Given I only have 130,000 words or so to work with for Time Travel on Screen I’ve had to exclude a number of things. Movies with just a minor bit of time travel (Galaxyquest, the Chris Reeves original Superman) get bumped to the appendix, for instance. Lots of foreign movies outside the core countries (USA, UK, Japan, and as a practical point Canada because there’s so much Canadian TV). Nevertheless, I can’t deny that some of the things I’m excluding have a lot in common with the ones I am covering.
•Cryonic suspension. This has much the same effect as time travel to the future: it plunks someone down in a weird alien environment where they don’t know anyone, they’re removed from all personal ties and references and they have to start over—though unlike most time travelers, there’s never a way home. Consider, for example, Cleopatra 2525: a stripper goes into the hospital, ends up in cryosleep and wakes up 500 years later to a world where humanity lives underground to escape the killer machines dominating the surface (all rights to cover image with current holder). The result isn’t that different from The Time Machine except that Cleopatra’s not in control of where she ends up (and there are plenty of time travelers—Beneath the Planet of the Apes‘ astronauts, for instance—for whom that’s true).
But it isn’t time travel as most people would define it (though Netflix counts it, judging by the movies in the Time Travel list), involving an actual shortcut through the fourth dimension. The same applies to reaching the future through light-speed time-dilation, or being magically trapped in faerie for what seems like a day and a night.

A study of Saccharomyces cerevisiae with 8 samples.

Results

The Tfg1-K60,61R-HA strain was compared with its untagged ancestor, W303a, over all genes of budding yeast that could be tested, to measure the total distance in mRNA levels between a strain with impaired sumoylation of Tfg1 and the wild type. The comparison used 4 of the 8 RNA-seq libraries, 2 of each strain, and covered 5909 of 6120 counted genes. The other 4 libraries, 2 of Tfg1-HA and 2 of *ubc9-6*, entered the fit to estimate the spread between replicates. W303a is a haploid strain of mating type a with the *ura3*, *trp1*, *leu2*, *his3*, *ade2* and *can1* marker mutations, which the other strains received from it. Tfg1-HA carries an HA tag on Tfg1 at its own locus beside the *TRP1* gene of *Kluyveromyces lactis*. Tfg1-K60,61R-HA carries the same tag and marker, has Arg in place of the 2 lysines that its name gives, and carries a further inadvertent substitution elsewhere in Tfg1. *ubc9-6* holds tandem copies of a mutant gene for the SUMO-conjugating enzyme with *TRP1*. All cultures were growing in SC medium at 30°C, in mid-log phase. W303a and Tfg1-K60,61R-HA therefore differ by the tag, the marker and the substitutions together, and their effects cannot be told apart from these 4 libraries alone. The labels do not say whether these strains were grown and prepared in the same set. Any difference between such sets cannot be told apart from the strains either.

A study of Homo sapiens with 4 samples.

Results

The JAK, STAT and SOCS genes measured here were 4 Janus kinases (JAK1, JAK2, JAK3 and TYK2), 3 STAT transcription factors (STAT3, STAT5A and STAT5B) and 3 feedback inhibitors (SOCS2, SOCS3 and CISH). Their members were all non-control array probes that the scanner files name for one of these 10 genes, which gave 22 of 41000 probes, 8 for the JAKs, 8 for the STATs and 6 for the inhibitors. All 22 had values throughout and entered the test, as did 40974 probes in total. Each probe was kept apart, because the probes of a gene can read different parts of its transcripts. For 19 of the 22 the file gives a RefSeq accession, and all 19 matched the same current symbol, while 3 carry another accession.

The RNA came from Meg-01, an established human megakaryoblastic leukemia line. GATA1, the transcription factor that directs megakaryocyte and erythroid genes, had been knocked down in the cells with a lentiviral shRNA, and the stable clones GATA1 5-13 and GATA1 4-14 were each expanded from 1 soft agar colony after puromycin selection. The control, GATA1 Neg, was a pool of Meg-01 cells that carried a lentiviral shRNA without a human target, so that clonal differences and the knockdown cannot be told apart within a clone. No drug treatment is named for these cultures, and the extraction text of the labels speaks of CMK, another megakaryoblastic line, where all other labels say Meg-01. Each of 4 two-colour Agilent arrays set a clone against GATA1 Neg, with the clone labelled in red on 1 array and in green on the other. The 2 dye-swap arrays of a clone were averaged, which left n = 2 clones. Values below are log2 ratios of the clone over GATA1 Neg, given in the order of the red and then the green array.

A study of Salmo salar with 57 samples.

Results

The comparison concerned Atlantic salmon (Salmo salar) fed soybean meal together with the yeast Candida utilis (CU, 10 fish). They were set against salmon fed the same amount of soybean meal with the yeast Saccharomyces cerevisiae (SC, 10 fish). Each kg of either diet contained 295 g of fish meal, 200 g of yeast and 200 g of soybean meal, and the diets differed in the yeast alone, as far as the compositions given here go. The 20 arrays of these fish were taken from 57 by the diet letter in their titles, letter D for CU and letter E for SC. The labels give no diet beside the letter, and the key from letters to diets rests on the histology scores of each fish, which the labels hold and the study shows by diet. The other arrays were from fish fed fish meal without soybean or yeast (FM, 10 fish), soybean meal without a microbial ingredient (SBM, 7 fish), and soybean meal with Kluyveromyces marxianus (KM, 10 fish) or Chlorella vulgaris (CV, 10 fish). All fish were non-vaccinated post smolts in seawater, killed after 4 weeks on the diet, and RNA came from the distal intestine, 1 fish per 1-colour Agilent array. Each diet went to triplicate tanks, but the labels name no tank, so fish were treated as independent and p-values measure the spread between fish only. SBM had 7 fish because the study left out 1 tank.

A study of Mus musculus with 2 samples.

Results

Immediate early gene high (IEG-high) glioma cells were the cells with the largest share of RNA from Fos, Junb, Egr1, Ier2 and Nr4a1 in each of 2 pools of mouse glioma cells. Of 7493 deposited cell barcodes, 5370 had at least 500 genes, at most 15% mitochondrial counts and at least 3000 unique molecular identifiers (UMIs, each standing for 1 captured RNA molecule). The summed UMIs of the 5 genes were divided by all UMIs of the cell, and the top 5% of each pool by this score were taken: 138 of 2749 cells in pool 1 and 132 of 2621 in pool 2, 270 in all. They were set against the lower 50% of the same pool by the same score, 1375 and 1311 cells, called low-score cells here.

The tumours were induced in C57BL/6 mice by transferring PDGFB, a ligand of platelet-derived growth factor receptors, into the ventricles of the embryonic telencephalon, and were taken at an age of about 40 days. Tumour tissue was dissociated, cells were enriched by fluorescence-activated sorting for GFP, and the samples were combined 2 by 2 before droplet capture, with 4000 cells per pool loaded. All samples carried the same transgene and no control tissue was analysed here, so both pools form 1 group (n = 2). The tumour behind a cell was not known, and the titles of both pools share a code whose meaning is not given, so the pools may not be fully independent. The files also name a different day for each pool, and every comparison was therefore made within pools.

•Ghost stories are another genre that has some similarities. A ghost that returns a century after their death can simply be a dangerous or tragic force. But if the story focuses on the ghost and their personality, it can show how they’re having to deal with a world they’ve never made, or how they remember things from a time long past. While I’m including Portrait of Jennie as a time-travel film, I wouldn’t say someone who thinks Jennifer Jones is a ghost is flat out wrong.
The same not-quite-time travel thinking applies to reincarnation as well (though I will be including a couple of movies that combine reincarnation and time travel both, such as The Undead).
•Movies about precognition overlap with films about time travelers from the future coming back to warn us of doom (e.g. Against Will) or a film like Time After Time, where the protagonists visit the near future and learn Mary Steenburgen is doomed to die. And it can raise some of the same issues such as whether the timeline is fixed or changeable. But it ain’t time travel, though stories where someone sends a message from the future do (to my mind) straddle the border (e.g., the TV series Early Edition in which the protagonist finds he’s getting tomorrow’s newspaper delivered today).
And then there are oddball movies such as Project X (1968), which I watched this week under the mistaken memory that it was, in fact, time travel. It’s closer to a Star Trek: The Next Generation holodeck story: 22nd century American spy Christopher George has had to wipe his own memory to prevent the bad guys (the “Sinoese”) interrogating him. Now he’s back home and his bosses need to get through his mindblock and see what he’s learned. This involves a scientist making George think he’s a hoodlum on the run in the 1960s, hunted by the cops, to build up enough emotional intensity to break the block. I will give it points for being interesting, and the scenes set in George’s flashbacks — directed by Hanna-Barbera and partly designed by comics artist Alex Toth—are way better than most. However it doesn’t quite work—the spy story is too close to a conventional 20th century thriller and the 20th century parts are more a distraction than anything else. Still, it’s watchable, and even better, I don’t have to add to my word count to include it.